For the first time in 62 years, five planets will line up across the sky. Mercury, Venus, Mars, Jupiter and Saturn began to align two weeks ago in a formation that will reach its peak May 13. The sky show can be seen just after sunset on the western horizon.

Paul Wong
Visitors at the Cranbrook Institute of Science look at the planets start their alignment Friday. (AP PHOTO)

“The planets, in order from the horizon upward, are Mercury, Venus, Mars, Saturn and Jupiter,” LSA senior Peter Susalla said. He added this is not the actual order of the planets from the sun and that other planets are too far away to be seen.

“Uranus and Neptune may be in the area also, but they can’t be seen without a telescope,” he said.

Susalla added that the sun moves across an imaginary line, called the ecliptic, in the sky. “The five visible planets are moving close together on this ecliptic, as we see them from earth,” he said.

Ray Villard, news director for the Space Telescope Science Institute in Baltimore, said the alignment visible during the next few weeks is a result of the planets “moving around the sun like hands on a clock at different speeds and rates.”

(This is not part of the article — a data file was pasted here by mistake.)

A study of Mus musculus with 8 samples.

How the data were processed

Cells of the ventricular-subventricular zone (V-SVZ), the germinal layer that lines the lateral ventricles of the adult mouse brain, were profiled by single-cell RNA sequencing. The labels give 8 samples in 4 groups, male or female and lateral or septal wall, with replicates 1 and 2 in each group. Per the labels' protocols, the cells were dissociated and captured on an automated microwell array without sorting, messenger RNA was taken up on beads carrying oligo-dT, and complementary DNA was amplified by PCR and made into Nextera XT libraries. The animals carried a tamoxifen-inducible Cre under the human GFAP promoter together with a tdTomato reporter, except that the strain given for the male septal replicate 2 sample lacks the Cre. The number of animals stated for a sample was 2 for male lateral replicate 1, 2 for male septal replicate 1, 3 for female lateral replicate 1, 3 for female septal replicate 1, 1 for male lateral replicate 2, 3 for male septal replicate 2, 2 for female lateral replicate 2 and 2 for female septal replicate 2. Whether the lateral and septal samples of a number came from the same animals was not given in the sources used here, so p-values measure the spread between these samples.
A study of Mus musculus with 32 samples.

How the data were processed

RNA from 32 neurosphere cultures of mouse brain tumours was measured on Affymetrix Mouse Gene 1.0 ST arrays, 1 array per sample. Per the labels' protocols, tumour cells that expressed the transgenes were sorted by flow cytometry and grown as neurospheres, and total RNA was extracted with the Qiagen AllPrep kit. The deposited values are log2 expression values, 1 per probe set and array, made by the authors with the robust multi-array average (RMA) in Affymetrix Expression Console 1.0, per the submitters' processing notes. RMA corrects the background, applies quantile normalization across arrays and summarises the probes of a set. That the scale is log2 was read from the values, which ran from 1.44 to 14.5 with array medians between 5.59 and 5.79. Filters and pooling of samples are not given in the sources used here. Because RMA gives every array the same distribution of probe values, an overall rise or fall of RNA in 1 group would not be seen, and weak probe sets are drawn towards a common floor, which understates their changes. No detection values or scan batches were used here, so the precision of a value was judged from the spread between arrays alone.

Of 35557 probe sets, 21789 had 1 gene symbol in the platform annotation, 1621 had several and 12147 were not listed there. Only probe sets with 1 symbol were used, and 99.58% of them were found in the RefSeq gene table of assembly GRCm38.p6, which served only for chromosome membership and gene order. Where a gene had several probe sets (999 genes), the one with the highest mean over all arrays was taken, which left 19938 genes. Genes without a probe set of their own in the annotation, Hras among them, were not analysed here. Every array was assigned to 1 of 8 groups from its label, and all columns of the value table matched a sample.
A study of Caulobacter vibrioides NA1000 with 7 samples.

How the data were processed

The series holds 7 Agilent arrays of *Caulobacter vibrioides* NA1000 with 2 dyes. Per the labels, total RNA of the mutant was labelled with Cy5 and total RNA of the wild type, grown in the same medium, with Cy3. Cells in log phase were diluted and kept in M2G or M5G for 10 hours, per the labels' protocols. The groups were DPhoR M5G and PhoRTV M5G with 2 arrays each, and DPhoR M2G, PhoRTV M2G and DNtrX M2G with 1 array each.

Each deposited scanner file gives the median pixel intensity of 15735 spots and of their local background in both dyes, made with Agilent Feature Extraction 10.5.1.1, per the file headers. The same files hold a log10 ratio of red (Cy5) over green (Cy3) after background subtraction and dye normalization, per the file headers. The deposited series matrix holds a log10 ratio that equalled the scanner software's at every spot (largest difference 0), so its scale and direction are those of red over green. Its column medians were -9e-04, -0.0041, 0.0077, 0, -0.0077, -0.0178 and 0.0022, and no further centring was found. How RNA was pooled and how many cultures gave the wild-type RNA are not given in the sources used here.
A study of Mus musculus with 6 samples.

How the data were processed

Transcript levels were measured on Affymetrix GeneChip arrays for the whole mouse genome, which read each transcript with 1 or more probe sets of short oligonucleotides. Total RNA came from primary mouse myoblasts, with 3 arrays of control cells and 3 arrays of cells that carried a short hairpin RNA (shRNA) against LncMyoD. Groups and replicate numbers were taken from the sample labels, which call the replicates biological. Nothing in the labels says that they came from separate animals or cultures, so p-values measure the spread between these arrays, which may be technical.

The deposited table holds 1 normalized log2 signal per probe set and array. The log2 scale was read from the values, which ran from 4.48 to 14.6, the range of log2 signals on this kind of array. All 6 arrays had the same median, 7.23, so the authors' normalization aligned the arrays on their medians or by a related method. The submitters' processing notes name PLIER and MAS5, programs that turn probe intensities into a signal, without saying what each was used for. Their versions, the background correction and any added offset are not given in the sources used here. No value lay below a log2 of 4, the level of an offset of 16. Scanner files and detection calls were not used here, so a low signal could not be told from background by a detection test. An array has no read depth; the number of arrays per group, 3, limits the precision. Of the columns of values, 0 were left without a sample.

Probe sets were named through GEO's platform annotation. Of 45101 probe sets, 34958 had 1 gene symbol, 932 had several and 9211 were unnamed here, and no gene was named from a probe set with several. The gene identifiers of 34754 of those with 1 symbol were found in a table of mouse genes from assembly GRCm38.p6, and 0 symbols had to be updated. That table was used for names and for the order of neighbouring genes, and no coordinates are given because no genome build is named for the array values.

Mars has an orbit lasting two years while Saturn has a 30-year orbit, so finding them along the same line in the sky is a rare occurrence.

“It depends on what you call a line-up. They are not all in a straight line from the sun, but you can draw a line between them like a game of connect the dots,” Villard said.

In the next few weeks, Mercury will begin to appear on the western horizon close to 15 minutes after dusk. Astronomy Prof. Charles Cowley said the best way to view Mercury is from a clear and high point.

“Mercury is the planet that is toughest on observation because it is the closest to the sun and lowest to the horizon,” he said. Besides Mercury, he said the rest of planets should be easily visible and can be seen without a telescope. The four planets will appear in what looks like a line in the night sky.

The Student Astronomical Society will be holding an open house May 17 at the observatory on the roof of Angell Hall to give students and community members a chance to view the planets.

Villard said the last time a similar planetary alignment, called super conjunction, occurred was in the 1980s. Superstition existed then that the alignment had effects on the ocean tides, but Villard said the planets aligning should have “no measurable effect on the earth.”

This specific planetary alignment will not happen again until 2040.